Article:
By MIGUEL M. MORALES
with Deb Morales, MyLinda Morales Hutchings, Grace Morales
I grew up in a farmworking family.
No, that’s not accurate—it’s incomplete.
I grew up in a family of farmworking women.
The hands of our sisters, tías, cousins, mothers,
and abuelas have worked the fields, worked to feed us,
worked to raise us, worked to protect and provide for us.
I love my mom but the truth is that my sisters raised me.
Farmwork would not survive without women,
nor would farmworker families.
I don’t think anyone in our family knows this, but I learned how to drive
while working in the fields. At dawn, Tía Lucia assigned us our rows to weed.
The youngest walked with two or three rows on each, older kids had more.
Reaching the end of the rows, we’d turn and work our way back.
By then, the truck sat about 20 feet from where we started. One day Lucia asked
if I knew how to drive. When I said no, she taught me to drive that short space.
Soon it was my responsibility and for a few moments I could get off my feet
and sit in the shade. Eventually, I drove us from field to field and off the farm’s
dirt roads to the main road on our way home. That’s how I learned to drive.
Before the farmer could irrigate his arid crops, we’d clear them of weeds.
He’d pump water directly from the Ogallala Aquifer underlying the high plains.
The clear plentiful water flowed through newly trenched irrigation ditches.
We’d fill containers with the delicious, and somehow ice-cold, water—
satiated as the crops we tended. Cloudy days usually brought rain which
excited us because we could take a break or quit working for the day.
Moments before it rained, we felt cool calming breezes rush across the fields.
A deep earthy fragrance, petrichor, preceded the rain that usually followed
a long dry spell. Like the water from the aquifer, it refreshed us.
Despite only having 30 minutes to eat, we had the best lonches.
Our morning thoughts centered on burritos with papas and beans,
or pork, or steak that Mom made before work early that morning.
Lonche was the best part of the day—outside of quitting time.
We’d elude the assiduous sun by resting in the shade of the truck
or a nearby cornfield. We couldn’t take our shoes off because our hot
pulsating feet would swell and we wouldn’t be able to get them back on.
We resisted the urge to drink too much water because we’d get sick.
Besides, I hated the embarrassment of having to relieve myself in the fields.
Lots of gossiping and storytelling happened in the vast open fields.
Birth stories, death stories, and everything in between. Family history.
I desperately wanted stories I could share, to be part of the group,
but even though I was young, I held secrets, so I just listened.
One summer, my cousin, who also worked the fields with us,
her dad finally got caught molesting young girls.
Her life unraveled and she repeatedly tried to commit suicide.
After witnessing the fallout in her life, I didn’t dare tell my story.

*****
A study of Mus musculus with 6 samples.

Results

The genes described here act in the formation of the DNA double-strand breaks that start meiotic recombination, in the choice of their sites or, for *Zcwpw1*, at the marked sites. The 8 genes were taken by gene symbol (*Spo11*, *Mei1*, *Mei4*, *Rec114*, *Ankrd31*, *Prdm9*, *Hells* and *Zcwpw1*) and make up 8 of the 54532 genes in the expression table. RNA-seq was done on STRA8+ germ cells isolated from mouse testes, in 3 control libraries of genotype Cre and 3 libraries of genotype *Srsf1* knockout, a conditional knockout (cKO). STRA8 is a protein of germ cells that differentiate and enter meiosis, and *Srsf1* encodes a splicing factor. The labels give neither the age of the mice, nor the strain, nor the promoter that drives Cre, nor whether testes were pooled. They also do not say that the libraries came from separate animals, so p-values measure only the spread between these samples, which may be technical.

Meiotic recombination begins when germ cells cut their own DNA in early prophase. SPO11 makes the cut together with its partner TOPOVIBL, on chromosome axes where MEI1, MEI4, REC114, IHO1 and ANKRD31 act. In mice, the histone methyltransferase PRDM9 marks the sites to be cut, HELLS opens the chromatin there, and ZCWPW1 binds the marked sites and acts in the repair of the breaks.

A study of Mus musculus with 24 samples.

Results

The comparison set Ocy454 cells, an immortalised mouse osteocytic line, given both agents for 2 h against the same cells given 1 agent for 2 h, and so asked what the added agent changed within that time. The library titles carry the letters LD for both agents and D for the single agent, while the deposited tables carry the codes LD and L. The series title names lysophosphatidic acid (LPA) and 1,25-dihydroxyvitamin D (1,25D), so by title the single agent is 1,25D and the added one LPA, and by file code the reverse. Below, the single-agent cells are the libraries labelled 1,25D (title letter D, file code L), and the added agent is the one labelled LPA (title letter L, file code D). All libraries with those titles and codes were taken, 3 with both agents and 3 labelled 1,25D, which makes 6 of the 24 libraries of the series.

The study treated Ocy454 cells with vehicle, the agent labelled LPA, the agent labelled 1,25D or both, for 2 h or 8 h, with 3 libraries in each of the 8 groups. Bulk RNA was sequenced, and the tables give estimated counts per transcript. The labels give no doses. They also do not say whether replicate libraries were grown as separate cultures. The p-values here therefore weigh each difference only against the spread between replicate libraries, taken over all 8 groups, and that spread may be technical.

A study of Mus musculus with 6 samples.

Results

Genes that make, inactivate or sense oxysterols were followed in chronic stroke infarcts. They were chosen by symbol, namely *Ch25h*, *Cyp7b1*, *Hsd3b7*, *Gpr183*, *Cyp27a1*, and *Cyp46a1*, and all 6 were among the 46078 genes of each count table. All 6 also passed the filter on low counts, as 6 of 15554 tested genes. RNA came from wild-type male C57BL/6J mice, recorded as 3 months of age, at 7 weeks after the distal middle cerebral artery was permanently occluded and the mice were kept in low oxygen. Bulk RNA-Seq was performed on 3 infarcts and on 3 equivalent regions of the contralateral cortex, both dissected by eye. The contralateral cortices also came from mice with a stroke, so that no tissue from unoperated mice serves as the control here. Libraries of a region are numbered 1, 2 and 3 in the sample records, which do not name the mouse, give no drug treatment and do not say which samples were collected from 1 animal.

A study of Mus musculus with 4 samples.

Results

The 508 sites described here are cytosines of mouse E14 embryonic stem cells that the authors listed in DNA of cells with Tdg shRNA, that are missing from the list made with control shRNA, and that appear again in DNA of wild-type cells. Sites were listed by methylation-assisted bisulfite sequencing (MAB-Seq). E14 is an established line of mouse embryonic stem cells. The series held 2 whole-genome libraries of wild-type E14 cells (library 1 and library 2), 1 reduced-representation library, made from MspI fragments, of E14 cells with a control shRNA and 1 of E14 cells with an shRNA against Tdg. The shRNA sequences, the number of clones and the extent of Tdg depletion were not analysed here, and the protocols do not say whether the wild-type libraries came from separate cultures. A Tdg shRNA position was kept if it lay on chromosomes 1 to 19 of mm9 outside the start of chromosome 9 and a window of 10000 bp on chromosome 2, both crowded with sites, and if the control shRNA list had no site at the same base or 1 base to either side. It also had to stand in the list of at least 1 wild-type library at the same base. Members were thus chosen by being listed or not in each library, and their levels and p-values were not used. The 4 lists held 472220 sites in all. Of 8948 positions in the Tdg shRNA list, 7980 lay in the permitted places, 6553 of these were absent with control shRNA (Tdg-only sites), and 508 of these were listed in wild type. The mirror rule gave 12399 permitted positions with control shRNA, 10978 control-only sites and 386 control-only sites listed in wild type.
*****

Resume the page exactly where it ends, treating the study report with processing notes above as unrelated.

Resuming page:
Even when Mom specifically asked if I was molested, I said no.
For me, it wasn’t the hard work or heat, it was the humiliation.
Riding in the back of the truck as we drove home at the end of the day,
I’d see friends I went to school with and I’d pull down my hat, slide down
as far as I could, and pray they didn’t see me. We worked a backbreaking
sixty-hour week earning only $60. Of that, Mom only gave me three.
Once I worked up the courage to say it wasn’t fair, we should get more.
She slapped me across the face with contempt in her eyes.
Then she grabbed the three dollars out of my hand, saying,
“Well now you get nothing.”
I wish I could say I’m over it, but an inventory of my life begs to differ.
Working the fields taught me to walk through the world with my head down.
I know other field workers who have found success. They’re confident and
stand up for themselves. They claim their accomplishments with gratitude.
Today, younger people ask questions. They’ve decided that they can no longer
live an invisible life, ashamed. They’ve learned that it all starts with story.
Story reminds us that we’re alike and that we’re more than our circumstances.
I’m learning story is essential in moving forward, in taking our seat at the table,
a table where, together, our farmworking hands helped harvest the feast.
Miguel M. Morales grew up in Texas working as a migrant and seasonal farmworker. Selected as a finalist for the 2023-2026 Poet Laureate of Kansas, he is a two-time Lambda Literary Fellow and an alum of VONA/Voices and of the Macondo Writers Workshops. Miguel’s work appears in the anthologies: Imaniman: Poets Writing in the Anzaldúan Borderlands, Primera Página: Poetry from the Latino Heartland, Cuentos del Centro: Stories from the Latino Heartland, From Macho to Mariposa: New Gay Latino Fiction, and The (Other) F Word: A Celebration of the Fat & Fierce. His work has been published in Duende Journal, Acentos Review, Green Mountains Review, Texas Poetry Review, Hawai’i Review, and World Literature Today, among other journals. Miguel is the co-editor of Pulse/Pulso: In Remembrance of Orlando and of Fat & Queer: An Anthology of Queer and Trans Bodies and Lives, which was named the 2021 Book of the Year by the American Association of Sexuality Educators, Counselors and Therapists. Miguel has earned several awards including the Society of Professional Journalists’ First Amendment Award. Follow Miguel as @TrustMiguel on Facebook, Twitter, and Instagram.